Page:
United States Federal Court Structure

The United States Court system has three tiers:

  1. The Courts of the United States District Courts (trial courts)
  2. The Courts of the United States Courts of Appeals (intermediate courts of appeals)
  3. The Supreme Court of the United States

Finding Supreme Court cases

Opinions of the United States Supreme Court are published in three different reporter series: the government issued, official reporter, United States Reports, and two unofficial, commercial reporters: West's Supreme Court Reporter and United States Supreme Court Reports: Lawyer's Edition.

Finding Court of Appeals and District Court Cases

Opinions of the United States Courts of Appeals are published in West's Federal Reporter series, and opinions of the United States District Courts are published in West's Federal Supplement.

Recent Cases

More recent unpublished or yet-to-be-published opinions from the US appellate and district courts can be found on the websites for those courts.

Finding U.S. Tax Cases

Specialized courts often have their own reporter series. Examples of specialized reporters include West's Bankruptcy Reporter for bankruptcy courts and West's Military Justice Reporter for cases from U.S. Court of Appeals for the Armed Forces and military courts of criminal appeals.

The official reporter of the United States Tax Courts, published by the U.S. government, is the Reports of the U.S. Tax Court (T.C). Another source for federal tax cases is U.S. Tax Cases, published by CCH, which includes federal tax cases from the district and appellate courts.‚Äč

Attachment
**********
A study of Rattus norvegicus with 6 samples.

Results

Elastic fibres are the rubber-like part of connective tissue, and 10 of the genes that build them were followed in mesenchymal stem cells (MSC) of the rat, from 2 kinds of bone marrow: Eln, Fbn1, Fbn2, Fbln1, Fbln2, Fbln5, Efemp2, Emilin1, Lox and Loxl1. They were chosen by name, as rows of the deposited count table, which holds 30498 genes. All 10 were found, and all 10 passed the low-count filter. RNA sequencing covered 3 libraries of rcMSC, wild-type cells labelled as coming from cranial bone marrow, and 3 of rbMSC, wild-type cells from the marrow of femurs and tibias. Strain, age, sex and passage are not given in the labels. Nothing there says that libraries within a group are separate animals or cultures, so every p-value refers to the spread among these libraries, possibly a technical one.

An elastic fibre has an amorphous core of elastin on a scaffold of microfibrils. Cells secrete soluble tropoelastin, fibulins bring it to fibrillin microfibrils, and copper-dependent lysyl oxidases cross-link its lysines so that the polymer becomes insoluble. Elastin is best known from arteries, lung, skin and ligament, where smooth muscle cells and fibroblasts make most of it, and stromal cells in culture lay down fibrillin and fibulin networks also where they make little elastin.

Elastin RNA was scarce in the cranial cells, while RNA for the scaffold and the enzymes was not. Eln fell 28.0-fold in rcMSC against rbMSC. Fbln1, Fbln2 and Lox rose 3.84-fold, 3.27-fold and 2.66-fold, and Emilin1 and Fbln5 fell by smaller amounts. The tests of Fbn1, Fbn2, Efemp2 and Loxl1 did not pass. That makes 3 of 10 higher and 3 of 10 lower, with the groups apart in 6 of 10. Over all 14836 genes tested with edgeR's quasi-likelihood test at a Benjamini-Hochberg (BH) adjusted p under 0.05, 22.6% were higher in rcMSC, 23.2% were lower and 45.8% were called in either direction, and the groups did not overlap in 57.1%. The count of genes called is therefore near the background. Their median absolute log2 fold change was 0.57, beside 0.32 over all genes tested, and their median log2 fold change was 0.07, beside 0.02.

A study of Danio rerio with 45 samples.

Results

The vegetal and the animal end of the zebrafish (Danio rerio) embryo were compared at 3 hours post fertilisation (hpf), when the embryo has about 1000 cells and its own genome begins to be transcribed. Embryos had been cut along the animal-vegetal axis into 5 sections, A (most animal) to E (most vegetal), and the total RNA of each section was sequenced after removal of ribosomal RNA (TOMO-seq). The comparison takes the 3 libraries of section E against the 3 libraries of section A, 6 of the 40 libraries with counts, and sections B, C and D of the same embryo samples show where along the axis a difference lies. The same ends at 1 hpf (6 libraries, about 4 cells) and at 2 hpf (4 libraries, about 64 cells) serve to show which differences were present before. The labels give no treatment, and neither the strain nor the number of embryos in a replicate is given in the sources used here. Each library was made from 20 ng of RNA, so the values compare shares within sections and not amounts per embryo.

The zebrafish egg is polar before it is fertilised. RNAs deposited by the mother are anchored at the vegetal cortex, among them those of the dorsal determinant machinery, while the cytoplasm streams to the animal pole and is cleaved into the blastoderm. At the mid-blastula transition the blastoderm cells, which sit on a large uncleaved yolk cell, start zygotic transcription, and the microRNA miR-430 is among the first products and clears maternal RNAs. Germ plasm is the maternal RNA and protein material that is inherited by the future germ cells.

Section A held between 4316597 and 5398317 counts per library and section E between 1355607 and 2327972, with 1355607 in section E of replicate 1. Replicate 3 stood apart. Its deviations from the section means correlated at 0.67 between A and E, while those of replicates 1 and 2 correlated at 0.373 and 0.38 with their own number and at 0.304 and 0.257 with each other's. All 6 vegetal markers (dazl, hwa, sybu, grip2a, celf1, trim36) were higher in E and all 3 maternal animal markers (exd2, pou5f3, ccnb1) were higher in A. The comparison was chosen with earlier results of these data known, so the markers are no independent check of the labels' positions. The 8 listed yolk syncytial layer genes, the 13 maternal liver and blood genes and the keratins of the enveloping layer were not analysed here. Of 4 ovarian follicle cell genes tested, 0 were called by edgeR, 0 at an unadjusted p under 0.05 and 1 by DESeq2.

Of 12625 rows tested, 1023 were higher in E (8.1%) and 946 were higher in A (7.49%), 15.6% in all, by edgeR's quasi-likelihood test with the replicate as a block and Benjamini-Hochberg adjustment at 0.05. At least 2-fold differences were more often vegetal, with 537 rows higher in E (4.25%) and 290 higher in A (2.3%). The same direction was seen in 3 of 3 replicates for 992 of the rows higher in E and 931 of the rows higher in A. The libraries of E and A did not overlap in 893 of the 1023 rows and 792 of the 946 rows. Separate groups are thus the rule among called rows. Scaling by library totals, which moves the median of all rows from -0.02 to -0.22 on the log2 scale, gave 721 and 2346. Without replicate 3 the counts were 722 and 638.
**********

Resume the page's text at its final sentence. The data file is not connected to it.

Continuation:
Finding Federal Cases: Electronic Access

Electronic Access

Federal cases are also accessible online. 

Full annotated versions of state and federal cases can be found in the legal database Westlaw, available to students registered in the Paralegal program.


Legal database for searching cases, legislation, and secondary material. (NOTE: Access limited to current LSC paralegal students).


Finding Cases in Westlaw: Step by Step

Full, annotated versions of state and federal cases can be found on Westlaw

To search for a case on Westlaw:

  1. From the Westlaw homepage, use the main search box to search for your case. Click on the space next to the orange magnifying glass to narrow the Jurisdiction for your search.

Westlaw search box with Jurisdiction circled

  1. For Texas, narrow your Jurisdiction to Texas and 5th Circuit.

Westlaw Jurisdiction box

  1. You can search by citation, by party names, or by keywords
  2. Searching by a citation will bring you straight to the report for that case. Searching by party names or keywords will bring you to a search results page. Click on the name of a case to bring up the case report.

Westlaw search results for keyword search for arson

  1. On Westlaw, you will see more annotations including Headnotes and tabs for Negative TreatmentHistory, and Citing References

screenshot of the tabs for a case report in Westlaw

Negative Treatment = Lists all cases that have had a negative impact on the ruling of the case that you are viewing. Negative Treatment is also indicated by Flags in front of the case name.

Red flag = The case is no longer good for at least one point of law. It was reversed or overruled

Yellow flag = The case has some negative treatment but it has not been reversed or overruled

History = Displays the case's history as it moved through the courts

Citing References = Provides a list of all cases or other documents that have cited your case since it was published



Most court opinions go unpublished, with only about 20% of U.S. Court of Appeals case opinions and a minute percentage of U.S. district court opinions published. Unpublished opinions are those not accepted for publication in the reporter series, because they are either too recent or the publishers felt they were not of enough significance.

While not in reporters, these opinions may still appear in legal databases like Lexis and Westlaw or be accessible on courts' websites or through docket services.

For more information, see Spencer L. Simons, Texas Legal Research 61-64 (Revised ed. 2012).


Only currently registered Lone Star paralegal students can access Westlaw. Current paralegal students will receive an email to their MyLoneStar student email from Thomson Reuters with details on how to activate their personal account. For problems with this, please contact the Paralegal department.